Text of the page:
Lingle, Harris set to discuss transit project
By Lynda Arakawa
Advertiser Capitol Bureau
Honolulu Mayor Jeremy Harris can expect at least one difference of opinion with Gov. Linda Lingle when they meet next week: the city's controversial Bus Rapid Transit project.
The city has already spent four years and appropriated $31 million for the $1 billion project, which involves dedicating lanes on busy Honolulu thoroughfares for the buses. The city has also received another $12 million from the federal government. But Lingle said that does not justify moving ahead with the project.
"We will not go forward if we don't believe it's going to work just because some money has been spent," she said. "You wouldn't do it in your personal life or in your business, and we won't do it either."
The Bus Rapid Transit system, or BRT, is one of the city's most ambitious public transportation proposals in decades. The 10-year project aims to transport thousands of passengers around urban Honolulu in nonpolluting gas-electric hybrid buses every two to four minutes from Iwilei to Kapahulu. The second phase will expand the service from Kapolei to Middle Street.
The BRT plan as now proposed involves using some key state roads, so cooperation from Lingle's administration is critical.
Lingle also said she plans to propose giving counties a percentage of money collected from traffic fines. The state keeps all the money, which has long been a sore point for the counties.
"We're not losing it, it's just going where it should be," Lingle said. "The counties pay for the police officers, they're the ones maintaining the county roads, and it's reasonable that some percentage of that money go to the counties."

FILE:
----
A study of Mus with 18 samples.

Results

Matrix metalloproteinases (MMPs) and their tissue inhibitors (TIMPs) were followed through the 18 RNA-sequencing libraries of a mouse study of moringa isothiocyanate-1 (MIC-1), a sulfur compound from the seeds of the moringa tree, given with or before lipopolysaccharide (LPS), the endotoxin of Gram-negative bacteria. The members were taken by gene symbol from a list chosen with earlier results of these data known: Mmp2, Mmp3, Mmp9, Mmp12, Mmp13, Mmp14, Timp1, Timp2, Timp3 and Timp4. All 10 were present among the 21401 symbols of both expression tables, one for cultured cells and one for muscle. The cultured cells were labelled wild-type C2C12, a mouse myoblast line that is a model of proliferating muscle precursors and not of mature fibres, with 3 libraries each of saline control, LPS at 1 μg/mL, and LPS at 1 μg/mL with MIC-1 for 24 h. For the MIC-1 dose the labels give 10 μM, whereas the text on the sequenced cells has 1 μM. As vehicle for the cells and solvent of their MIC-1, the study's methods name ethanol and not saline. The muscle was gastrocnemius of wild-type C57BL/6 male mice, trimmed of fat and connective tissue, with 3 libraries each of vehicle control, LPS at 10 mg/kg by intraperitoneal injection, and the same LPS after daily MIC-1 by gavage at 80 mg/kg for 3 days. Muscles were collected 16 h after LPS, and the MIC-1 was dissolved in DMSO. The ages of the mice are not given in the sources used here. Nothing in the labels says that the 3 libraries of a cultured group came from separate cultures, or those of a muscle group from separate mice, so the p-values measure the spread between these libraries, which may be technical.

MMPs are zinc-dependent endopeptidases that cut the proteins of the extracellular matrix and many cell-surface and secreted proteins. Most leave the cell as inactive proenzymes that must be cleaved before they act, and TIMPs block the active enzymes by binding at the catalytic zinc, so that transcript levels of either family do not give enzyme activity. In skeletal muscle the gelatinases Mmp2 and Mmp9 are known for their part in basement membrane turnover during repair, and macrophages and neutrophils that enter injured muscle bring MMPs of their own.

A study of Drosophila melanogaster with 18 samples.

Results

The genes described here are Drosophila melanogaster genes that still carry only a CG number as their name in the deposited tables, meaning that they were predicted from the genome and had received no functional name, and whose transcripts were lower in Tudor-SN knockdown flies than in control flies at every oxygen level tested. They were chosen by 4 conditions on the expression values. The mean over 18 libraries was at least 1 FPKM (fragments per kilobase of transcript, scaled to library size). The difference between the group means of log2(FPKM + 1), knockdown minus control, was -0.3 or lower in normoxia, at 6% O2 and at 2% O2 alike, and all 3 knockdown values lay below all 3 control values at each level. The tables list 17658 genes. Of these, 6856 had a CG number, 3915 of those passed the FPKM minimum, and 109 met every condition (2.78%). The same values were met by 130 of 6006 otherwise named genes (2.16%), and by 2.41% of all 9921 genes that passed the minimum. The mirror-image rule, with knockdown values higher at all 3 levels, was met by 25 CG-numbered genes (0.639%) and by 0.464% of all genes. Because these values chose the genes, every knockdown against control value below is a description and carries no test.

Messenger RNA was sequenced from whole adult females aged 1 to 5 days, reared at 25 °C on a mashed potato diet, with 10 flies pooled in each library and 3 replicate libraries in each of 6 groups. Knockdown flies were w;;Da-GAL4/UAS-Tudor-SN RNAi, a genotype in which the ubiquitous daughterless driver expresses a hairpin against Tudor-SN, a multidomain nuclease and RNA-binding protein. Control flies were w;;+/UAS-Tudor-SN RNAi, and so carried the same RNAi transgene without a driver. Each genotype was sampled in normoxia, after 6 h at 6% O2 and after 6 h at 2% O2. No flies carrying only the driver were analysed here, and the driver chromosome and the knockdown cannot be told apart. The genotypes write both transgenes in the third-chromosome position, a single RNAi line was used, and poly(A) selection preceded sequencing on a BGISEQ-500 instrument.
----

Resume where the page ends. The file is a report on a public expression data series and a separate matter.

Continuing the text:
On the issue of campaign finance, Lingle said limiting campaign contributions further would make it more difficult for a newcomer to challenge an elected official who is part of the status quo. Lingle set a record by spending more than $5.4 million on this year's gubernatorial election to become the first Republican governor in Hawai'i in 40 years.
"If you were to limit campaign spending in some significant way, what you do is you just about guarantee that the people in office will always stay in office," she said. "If you just restrict campaign spending, you're really being naive about it and not understanding the broader picture of how people are able to stay in office for such a long period of time without producing positive results."
She added that elected officials already have the advantage because they use their offices to publish and mail newsletters to constituents.
"The reporting requirements we have in Hawai'i are among the strictest in the nation, but it's just that some people don't abide by them and that's when these criminal cases rightfully have been brought," she said. "I think that the best way to have honest campaigns is to have full and open disclosure."
Reach Lynda Arakawa at email@example.com or at 525-8070.